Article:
Can the number of times you contact a college impact your chances?
Obviously you don’t want to make a nuisance of yourself. However, if you have specific questions regarding the universities you are applying to (that aren’t answered on the university’s website,) why not contact their admissions office and ask? The caveat here is that you ask politely, and do not call every day. Being “one of those” students can actually hurt your chances of admission, as admissions officers don’t want problem students or parents. If in doubt, ask your guidance counselor to reach out. Questions to Ask Admissions Offices 1. How many applications do you expect to receive, and how many students will be offered admission? 2. How much weight is given to the essay as part of the whole application? 3. How many people evaluate each application? 4. What kind of rubrics are used?
Nearly all colleges keep track of contacts with individual students, such as meeting at a college fair, visiting campus for an interview, attending an event, etc. Keeping track of student interactions informs future recruitment planning. However, some colleges use “demonstrated interest” (or the indication that you are seriously considering matriculation to an individual institution) as factor when making admission decisions. Colleges began to use “demonstrated interest” to off-set students who apply to a large number of institutions with little intentionality. And, the practice has evolved as a technique for maintaining a low admission rates and a high yield rates (both figures are used to calculate several national rankings). If you are applying to a school that utlizes “demonstrated interest” to make admission decisions, be sure to take advantage of all optional interactions (such as interviewing or meeting with a representative visiting your school). However, don’t “demonstrate interest” on a daily basis–that will likely become annoying.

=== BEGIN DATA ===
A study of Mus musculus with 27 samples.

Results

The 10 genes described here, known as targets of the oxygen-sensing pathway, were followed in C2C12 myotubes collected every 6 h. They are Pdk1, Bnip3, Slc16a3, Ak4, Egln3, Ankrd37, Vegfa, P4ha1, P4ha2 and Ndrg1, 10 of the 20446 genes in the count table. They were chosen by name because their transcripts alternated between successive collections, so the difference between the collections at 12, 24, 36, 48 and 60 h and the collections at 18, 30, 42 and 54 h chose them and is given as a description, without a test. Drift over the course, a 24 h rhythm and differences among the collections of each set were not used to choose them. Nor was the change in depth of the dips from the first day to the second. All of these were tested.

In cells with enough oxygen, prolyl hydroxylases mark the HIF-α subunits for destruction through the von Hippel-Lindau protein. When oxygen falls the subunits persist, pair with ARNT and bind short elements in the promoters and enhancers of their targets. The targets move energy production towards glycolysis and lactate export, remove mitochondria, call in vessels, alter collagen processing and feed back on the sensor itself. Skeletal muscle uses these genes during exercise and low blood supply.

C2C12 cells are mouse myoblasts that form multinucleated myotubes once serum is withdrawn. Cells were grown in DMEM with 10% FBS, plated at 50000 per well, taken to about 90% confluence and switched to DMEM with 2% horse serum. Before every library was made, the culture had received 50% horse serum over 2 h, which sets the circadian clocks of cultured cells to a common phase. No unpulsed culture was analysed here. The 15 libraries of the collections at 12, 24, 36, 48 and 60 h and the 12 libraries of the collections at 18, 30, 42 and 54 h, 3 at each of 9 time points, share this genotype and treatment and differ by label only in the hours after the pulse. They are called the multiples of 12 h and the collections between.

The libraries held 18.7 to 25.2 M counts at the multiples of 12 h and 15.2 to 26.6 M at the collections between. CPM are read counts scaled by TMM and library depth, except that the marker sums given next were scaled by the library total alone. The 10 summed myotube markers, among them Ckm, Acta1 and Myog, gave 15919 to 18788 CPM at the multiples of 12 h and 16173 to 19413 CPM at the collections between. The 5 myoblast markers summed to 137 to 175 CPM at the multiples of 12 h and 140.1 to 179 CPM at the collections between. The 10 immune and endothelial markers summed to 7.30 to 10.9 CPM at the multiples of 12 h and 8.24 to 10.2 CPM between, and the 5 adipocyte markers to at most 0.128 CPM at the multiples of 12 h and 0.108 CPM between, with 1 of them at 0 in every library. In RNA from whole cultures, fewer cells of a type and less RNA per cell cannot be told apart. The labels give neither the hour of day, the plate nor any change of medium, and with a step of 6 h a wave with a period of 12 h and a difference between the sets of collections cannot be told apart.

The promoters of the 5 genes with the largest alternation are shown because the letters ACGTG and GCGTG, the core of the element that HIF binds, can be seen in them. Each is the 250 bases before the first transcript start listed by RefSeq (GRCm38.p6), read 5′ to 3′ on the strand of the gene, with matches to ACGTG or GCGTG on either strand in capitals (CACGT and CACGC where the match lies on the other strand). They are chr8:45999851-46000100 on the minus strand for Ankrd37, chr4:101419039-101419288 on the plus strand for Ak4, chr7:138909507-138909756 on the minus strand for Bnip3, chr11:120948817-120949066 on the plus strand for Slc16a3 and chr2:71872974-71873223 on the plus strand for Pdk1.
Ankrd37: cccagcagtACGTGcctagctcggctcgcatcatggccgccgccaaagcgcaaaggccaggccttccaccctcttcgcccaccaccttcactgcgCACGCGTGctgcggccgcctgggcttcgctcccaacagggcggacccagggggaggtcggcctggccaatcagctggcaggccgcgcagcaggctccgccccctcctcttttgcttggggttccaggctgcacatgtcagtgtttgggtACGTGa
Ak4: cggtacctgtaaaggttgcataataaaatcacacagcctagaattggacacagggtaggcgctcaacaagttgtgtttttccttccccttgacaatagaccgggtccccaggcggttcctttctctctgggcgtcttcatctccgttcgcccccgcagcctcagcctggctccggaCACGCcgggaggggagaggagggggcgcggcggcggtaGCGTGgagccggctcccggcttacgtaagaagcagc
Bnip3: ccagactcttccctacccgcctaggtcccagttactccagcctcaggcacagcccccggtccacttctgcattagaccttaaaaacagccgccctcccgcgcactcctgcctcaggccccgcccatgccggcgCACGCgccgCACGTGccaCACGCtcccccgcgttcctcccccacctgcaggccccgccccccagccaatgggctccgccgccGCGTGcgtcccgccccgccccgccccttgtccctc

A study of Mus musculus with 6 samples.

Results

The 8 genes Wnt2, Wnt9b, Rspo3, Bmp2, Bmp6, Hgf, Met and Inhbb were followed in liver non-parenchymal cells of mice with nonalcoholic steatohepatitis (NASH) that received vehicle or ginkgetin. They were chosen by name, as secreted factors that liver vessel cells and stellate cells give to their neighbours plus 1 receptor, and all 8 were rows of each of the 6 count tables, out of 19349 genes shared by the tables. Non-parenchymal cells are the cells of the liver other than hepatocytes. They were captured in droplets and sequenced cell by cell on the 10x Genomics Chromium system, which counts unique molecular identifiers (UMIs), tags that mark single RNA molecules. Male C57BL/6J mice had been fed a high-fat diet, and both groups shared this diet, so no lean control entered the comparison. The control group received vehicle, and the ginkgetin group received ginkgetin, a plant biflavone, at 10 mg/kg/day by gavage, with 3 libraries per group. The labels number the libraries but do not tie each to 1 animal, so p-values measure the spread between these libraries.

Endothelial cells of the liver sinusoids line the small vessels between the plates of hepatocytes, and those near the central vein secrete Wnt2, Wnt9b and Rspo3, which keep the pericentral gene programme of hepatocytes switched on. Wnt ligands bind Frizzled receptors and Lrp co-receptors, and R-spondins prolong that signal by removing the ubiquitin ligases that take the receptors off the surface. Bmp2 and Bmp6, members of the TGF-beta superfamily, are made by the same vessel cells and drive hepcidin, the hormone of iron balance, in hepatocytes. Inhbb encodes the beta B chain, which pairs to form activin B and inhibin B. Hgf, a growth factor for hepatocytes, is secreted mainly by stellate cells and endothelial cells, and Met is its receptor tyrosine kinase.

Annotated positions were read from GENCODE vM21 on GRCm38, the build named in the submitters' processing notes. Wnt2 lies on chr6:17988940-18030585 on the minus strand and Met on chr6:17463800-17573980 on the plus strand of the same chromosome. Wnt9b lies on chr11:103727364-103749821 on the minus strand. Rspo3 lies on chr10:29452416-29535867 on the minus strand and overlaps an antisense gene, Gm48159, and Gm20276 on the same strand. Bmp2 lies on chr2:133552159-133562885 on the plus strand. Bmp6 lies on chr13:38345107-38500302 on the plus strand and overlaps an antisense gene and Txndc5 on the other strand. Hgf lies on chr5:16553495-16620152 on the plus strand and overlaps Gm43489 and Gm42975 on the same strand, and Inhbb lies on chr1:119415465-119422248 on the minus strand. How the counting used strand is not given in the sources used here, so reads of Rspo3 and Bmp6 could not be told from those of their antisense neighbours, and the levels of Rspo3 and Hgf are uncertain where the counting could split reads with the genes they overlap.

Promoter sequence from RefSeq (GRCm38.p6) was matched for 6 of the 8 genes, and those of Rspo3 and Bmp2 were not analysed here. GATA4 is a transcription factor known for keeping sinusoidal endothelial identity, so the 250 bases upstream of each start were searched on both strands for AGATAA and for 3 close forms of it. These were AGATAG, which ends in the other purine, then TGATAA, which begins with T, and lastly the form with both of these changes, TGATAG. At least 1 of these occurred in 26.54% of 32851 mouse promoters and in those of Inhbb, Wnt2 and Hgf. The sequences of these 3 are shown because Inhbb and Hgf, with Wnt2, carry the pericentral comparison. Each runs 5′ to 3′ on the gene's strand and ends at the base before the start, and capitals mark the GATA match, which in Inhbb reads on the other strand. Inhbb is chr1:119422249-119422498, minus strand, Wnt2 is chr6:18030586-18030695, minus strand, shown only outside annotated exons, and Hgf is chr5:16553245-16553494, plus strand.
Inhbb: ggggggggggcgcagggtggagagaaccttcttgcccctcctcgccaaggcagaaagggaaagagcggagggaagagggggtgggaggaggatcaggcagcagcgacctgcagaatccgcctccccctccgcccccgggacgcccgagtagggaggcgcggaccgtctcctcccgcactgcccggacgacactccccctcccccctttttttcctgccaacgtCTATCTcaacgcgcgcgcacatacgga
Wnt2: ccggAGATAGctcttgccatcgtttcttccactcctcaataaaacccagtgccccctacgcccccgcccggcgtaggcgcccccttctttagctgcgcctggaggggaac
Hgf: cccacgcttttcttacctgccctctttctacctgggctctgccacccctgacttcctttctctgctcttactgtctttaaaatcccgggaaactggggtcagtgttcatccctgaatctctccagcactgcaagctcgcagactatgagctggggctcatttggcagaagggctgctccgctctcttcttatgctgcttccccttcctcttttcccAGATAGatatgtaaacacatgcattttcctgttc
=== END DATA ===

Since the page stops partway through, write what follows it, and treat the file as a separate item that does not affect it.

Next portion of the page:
Yes, in both a good and bad way. Many colleges, and particularly smaller schools with few slots to give out, are interested in students who, if accepted, will attend their schools. A student can and should show interest in a number of ways: visiting a school, having an interview, going to an info session at your high school or at a location in your area, contacting a professor or administrator if you have a question about a particular academic or extracurricular subject, even posting on an online blog or website set up by the school. Not only will you show interest in the school, but you will also learn about the school and may even be able to use this knowledge on one of the application essays. However, you have to be very careful not to cross the line and become annoying. Don’t send emails if you have nothing to say or for no reason. Don’t visit three or four times, hoping to speak with an admissions officer, if you have been told that no such conversations are possible. And be aware that there are a number of schools, particularly public universities, where interest is not a factor at all.